Photography Auriane Defert Fashion Direction + Words Sammiey Hughes Models Margarita + Natasha at Select London
Investing in slow fashion and timeless design is just one of the ways we can become more conscious consumers. Jewellery in particular is an accessory we may think of as a timeless investment, that is individual and intrinsically linked to our personal style. Here, ALSO documents the jewellery brands that are taking this approach to slow and personal design, but further take steps towards sustainability and ethical practices.
Recycled materials are at the core of jewellery manufacturing, as the use of expensive materials such as gold and silver mean that base materials can -and will- be reused, contributing to a more sustainable fashion cycle. Brands such as Ariana Boussard Reifel, AMAI Jewellery and All Blues are just some of the brands creating pieces with ethically sourced recycled base metals that contribute to this circular production process.
LA-based jeweller CLED takes this recycling process a step further, using discarded glass bottles as raw materials to create abstract designs as a by-product of waste.
Sustainability within jewellery manufacturing is not just limited to the material: as these brands prove that local production and the supporting of artisans in the jewellery trade is just as important for a sustainable business. Bar Jewellery locally cast and finish the majority of their pieces in their own London studio. They also support artisans in Denpasar, Bali who produce a share of their jewellery, helping to enrich the local community by supporting local craftsmanship and Balinese techniques.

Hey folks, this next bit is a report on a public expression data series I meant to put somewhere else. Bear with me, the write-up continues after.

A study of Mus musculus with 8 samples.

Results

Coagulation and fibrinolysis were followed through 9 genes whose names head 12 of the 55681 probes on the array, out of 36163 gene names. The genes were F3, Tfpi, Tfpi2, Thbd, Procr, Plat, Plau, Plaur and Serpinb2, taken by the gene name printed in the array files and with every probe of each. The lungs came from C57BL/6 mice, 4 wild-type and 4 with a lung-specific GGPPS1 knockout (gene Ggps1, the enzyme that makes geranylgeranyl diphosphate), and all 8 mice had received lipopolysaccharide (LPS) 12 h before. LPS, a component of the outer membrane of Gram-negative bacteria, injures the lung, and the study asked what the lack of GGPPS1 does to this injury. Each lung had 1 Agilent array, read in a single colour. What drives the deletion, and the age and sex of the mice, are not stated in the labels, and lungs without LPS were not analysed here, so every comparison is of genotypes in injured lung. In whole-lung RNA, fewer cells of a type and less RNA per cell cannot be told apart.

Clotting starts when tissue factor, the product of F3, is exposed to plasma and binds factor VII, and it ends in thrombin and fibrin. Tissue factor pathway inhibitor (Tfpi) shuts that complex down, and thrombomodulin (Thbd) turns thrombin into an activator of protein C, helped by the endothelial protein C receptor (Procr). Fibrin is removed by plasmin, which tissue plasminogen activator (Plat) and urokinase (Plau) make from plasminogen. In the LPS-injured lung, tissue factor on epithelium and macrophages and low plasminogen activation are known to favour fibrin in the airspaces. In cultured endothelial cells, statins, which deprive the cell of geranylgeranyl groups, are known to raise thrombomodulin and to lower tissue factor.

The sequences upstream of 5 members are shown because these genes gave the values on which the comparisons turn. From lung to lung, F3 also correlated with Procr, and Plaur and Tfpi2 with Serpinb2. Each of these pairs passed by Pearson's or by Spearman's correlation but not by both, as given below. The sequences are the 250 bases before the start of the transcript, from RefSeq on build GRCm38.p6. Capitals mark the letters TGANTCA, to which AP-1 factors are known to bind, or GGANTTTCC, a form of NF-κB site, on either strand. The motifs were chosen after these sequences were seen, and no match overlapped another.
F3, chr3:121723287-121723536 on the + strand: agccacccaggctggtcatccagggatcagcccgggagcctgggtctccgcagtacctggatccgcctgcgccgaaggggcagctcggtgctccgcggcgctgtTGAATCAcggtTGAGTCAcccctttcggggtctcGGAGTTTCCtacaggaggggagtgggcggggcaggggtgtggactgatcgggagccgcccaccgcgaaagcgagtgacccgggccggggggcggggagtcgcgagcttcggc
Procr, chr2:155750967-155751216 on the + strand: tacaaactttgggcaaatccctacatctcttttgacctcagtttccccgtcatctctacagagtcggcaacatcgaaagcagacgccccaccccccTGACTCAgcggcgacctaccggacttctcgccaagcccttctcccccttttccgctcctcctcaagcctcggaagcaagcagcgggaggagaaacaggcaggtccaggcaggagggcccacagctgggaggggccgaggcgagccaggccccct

Similarly, London-based Alighieri uses a family run, Hatton Garden-based company to cast all of their recycled brass and silver, which is then assembled just a few streets away in their own studio.
Jewellery can be as individual as the wearer and brands such as Laura Lombardi support the wearing and weathering of jewellery, with the natural patina of her metals accepted as a unique part of her pieces. This promotion of the imperfect also sees the longevity of investing in a piece, and is quite unique to jewellery.
The way in which jewellery is consumed is changing- with positive steps for change to a more circular way of buying product. Browns Fashion, who stock brands such as All Blues (who use recycled materials in their processes) -and other retailers are curating edits of these consciously sustainable brands. Independent stores such as Joan the Store are curating sustainable and vintage jewellery in one outlet.
On a physical level- brands such as AMAI Jewellery and Bar Jewellery are creating sustainable ‘eco’ packaging from recycled materials and removing excess waste. This reduction of waste, the promotion of slow spending and timelessness, and buying into brands who support their artisans and communities are just some of the ways that our choices -at least with jewellery- can become more conscious and sustainable.